Monday, April 23, 2007

This day will live in infamy….

I think we all know FDR’s famous speech after the bombing of Pearl Harbor. It is a speech that has etched itself into our collective memories. There was a great article in Prologue in 2001 that looks at the drafts of this speech to show us how FDR got to the final product that has become an icon of US history.

FDR decided he was going to ask for a declaration of war and went to write his short message, dictating the first draft to his secretary:
Biographer Nathan Miller recalls: "He inhaled deeply on his cigarette, blew out the smoke, and began dictating in the same calm tone he used to deal with his mail. He enunciated the words incisively and slowly, carefully specifying each punctuation mark and new paragraph. Running little more than five hundred words, the message was dictated without hesitation or second thoughts."

Roosevelt then started editing his message – one of the first changes included adding the term “date that will live in infamy:”
On draft No. 1, Roosevelt changed "a date which will live in world history" to "a date which will live in infamy," providing the speech its most famous phrase and giving birth to the term, "day of infamy," which December 7, 1941, is often called.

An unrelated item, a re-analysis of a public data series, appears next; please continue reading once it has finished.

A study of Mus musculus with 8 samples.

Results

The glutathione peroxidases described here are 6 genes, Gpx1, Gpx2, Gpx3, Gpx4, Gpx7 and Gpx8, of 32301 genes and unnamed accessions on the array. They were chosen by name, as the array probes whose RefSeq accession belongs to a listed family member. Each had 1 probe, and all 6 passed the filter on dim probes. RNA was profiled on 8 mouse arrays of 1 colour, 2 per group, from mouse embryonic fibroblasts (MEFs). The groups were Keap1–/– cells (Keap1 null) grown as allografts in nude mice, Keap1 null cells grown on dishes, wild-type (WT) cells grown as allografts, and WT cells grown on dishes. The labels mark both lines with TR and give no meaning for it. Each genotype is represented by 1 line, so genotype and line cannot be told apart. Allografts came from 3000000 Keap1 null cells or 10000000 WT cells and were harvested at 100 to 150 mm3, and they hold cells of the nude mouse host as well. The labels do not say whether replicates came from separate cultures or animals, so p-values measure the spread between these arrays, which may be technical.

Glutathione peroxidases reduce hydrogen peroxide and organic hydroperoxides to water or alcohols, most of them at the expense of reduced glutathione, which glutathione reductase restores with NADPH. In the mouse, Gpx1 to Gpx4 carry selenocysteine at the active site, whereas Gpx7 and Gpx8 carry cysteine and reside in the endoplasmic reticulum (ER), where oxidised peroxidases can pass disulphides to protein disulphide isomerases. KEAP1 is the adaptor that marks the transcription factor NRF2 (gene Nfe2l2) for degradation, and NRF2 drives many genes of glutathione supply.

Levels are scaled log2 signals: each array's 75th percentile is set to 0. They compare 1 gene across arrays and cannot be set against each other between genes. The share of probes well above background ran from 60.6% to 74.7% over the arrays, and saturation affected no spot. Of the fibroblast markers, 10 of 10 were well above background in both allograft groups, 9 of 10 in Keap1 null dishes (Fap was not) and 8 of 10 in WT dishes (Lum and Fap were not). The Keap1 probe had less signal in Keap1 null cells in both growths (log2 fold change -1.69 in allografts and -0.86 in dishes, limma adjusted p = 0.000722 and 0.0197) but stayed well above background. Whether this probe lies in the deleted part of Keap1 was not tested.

Interestingly, FDR has three drafts, but there is almost nothing on draft 2. He must have went back to draft 1 and correct to get to draft 3, rather than going through draft 2.

FDR’s speeches were usually a lengthy process, but not this one:
Rosenman, Sherwood, and Hopkins were usually involved in drafting major speeches, along with others in the government, depending on the subject. Usually, a speech took from three to ten days to prepare, far longer than the December 8 speech. But Rosenman insisted that all the speeches eventually were Roosevelt's. "The speeches as finally delivered were his-and his alone-no matter who the collaborators were. He had gone over every point, every word, time and again. He had studied, reviewed, and read aloud each draft, and had changed it again and again, either in his own handwriting, by dictating inserts, or making deletions. Because of the many hours he spent in its preparation, by the time he delivered a speech he knew it almost by heart.” Rosenman also wrote: "The remarkable thing is that on one of the busiest and most turbulent days of his life, he was able to spend so much time and give so much thought to his speech.

He gave the speech the next day in the House, changing still a few more terms:
The next day, at 12:30 P.M., in the House of Representatives, Roosevelt delivered his six-minute address to a joint session of Congress and a nationwide radio audience. He was interrupted several times by applause and departed only a few times from the wording on the final draft of the speech, which included four minor handwritten changes.

The article also includes some interesting facts about the copies of the speech themselves – where they are and have been (which is interesting to me, an archivist, at least!).